Inflation weak and consumer prices only inch up despite carbon tax: Midday roundup

The TD Securities-Melbourne Institute’s measure of inflation rose only modestly in July even as the introduction of the carbon tax sharply lifted utility costs.

The index inched up 0.2% in July, from June when it fell by 0.2%. The annual pace of inflation actually slowed to a three-year low of 1.5%, below the Reserve Bank of Australia’s long-term target of 2% to 3%.

TD Securities head of Asia-Pacific Research Annette Beacher said the start of the carbon tax on July 1 came at a time when most price pressures were weak.

Treasury modelling showed that the $23 a tonne price for carbon pollution would add about 0.7% to consumer prices in 2012-13.

“For the July inflation gauge, utility prices rose 10.3%, while food prices and airfares, so far, remain unaffected,” Beacher said.

Small Business Minister says business will benefit from APEC meeting in St Petersburg

The Federal Minister for Small Business, Brendan O’Connor is currently at the Asia Pacific Economic Co-Operation Small and Medium Enterprises Ministerial Meeting in St Petersburg, Russia, and he claims Australian small businesses will benefit from his attendance.

“The forum provides an opportunity for Australia to reinforce the importance of trade enhancing reform, so we can help all Australian exporters,” O’Connor said.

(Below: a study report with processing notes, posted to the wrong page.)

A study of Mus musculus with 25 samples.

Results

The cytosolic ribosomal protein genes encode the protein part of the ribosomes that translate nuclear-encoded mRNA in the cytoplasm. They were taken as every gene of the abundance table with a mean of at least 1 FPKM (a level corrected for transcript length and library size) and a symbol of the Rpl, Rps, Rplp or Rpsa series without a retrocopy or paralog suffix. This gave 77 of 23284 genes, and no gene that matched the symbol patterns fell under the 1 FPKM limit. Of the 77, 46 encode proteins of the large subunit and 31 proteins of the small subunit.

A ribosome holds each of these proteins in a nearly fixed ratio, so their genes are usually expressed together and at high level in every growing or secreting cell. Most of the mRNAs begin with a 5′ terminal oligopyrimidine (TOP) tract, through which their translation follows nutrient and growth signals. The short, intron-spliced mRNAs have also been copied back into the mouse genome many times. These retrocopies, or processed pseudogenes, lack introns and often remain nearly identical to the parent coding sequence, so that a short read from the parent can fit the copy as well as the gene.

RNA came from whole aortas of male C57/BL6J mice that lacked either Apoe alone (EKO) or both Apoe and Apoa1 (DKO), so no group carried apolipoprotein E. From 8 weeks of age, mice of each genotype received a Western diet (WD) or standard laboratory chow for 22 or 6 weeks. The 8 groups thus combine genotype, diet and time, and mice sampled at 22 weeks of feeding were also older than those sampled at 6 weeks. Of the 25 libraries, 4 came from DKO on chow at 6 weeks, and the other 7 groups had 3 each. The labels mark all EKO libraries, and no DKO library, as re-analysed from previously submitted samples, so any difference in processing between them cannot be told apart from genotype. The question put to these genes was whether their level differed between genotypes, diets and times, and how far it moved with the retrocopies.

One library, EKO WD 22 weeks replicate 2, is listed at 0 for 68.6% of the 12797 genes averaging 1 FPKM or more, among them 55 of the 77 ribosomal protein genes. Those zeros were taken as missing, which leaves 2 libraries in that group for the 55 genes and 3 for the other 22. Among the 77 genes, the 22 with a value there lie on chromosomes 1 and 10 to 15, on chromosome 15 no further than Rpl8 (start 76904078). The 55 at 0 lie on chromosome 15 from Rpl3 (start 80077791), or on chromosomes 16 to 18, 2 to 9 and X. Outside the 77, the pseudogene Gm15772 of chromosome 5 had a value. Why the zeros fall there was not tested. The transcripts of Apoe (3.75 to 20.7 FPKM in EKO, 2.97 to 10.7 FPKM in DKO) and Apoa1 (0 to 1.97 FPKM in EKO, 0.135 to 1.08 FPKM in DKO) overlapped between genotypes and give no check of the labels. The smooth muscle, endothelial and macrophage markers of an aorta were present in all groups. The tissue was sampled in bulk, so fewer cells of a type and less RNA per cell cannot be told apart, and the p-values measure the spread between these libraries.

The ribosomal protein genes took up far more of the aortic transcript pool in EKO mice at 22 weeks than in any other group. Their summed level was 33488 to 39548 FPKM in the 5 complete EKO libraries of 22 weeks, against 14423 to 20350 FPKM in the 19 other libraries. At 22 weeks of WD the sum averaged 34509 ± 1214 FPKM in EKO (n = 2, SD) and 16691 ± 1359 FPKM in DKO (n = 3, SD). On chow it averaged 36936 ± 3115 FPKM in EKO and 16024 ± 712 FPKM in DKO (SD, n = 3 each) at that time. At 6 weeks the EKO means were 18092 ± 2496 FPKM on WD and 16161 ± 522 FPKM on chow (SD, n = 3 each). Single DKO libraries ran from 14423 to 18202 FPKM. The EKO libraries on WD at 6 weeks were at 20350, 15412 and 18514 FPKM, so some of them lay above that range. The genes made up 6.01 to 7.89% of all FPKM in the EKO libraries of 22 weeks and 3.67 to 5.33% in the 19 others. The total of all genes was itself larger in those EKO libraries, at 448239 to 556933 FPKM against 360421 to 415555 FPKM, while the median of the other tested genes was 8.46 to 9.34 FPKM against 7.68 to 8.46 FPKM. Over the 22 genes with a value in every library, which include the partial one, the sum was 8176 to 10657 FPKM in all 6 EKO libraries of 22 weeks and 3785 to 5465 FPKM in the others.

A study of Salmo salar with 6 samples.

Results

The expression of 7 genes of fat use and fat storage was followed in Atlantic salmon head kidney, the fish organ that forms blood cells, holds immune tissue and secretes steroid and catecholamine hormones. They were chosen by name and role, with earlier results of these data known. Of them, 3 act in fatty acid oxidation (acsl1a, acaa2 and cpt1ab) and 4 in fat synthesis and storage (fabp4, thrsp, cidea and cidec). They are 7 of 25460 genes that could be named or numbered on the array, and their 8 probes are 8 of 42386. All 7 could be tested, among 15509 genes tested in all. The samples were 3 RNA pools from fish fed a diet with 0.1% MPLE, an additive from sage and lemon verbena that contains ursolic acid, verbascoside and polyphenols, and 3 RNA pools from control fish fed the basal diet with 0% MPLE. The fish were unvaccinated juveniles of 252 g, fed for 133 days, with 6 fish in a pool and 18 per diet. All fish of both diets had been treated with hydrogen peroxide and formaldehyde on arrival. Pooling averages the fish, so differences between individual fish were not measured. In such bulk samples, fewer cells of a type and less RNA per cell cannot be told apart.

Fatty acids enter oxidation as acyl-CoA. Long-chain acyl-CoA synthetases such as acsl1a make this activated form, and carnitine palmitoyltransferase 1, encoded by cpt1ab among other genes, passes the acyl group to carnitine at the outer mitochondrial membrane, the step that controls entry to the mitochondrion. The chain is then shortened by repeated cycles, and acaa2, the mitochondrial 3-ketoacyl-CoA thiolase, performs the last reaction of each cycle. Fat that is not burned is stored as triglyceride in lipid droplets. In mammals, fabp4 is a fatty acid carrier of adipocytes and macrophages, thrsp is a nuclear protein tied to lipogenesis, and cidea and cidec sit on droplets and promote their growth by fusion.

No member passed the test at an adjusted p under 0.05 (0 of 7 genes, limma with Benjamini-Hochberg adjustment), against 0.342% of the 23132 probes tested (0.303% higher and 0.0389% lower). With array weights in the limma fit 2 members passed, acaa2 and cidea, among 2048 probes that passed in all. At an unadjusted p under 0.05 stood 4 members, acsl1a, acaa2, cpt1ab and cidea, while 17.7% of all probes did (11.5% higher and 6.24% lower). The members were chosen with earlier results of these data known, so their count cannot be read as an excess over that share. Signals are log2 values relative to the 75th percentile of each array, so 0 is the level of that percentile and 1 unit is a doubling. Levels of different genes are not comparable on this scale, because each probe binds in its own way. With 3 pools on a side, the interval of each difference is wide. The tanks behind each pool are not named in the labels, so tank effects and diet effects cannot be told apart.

“Australia has more than two million small businesses, employing almost five million Australians, and many of them are looking to expand their export markets across the Asia-Pacific region.

“The Gillard government is committed to ensuring Australia takes full advantage of its unique position to leverage maximum benefits from the Asian Century, and APEC’s objectives are consistent with this approach.”

Ministers instructed officials to continue to remove barriers to trade, strengthen global supply chains and improve access to markets.

Complaint triggers $350,000 back-pay for almost 400 workers

A single complaint from a service technician in South Australia has resulted in the discovery that almost 400 of the woman’s co-workers had been underpaid more than $354,000.

The employees worked for Pink Hygiene Solutions, owned by Sydney-based Rentokil Initial Pty Ltd, at locations in South Australia, NSW, Victoria, Western Australia, Queensland and the ACT.

In March, 2010, the Fair Work Ombudsman received a complaint in Adelaide from a former employee about underpayment and non-payment of overtime.

In response, a self-audit by Rentokil revealed inadvertent errors in applying overtime provisions had resulted in 396 current and former employees being underpaid a total of $354,494 between July 1, 2007 and December 31, 2009.

The underpayments ranged from as little as $8 to as much as $5200.

Share market up 1.5%

The Australian sharemarket has opened 1.5% stronger following a strong performance on Wall Street over the weekend, after better-than-expected jobs figures boosted sentiment.

At the official market open, the benchmark S&P/ASX 200 index rose 1.5% to 4,284.8 points, while the broader All Ordinaries Index lifted 1.44% to 4,304.3 points.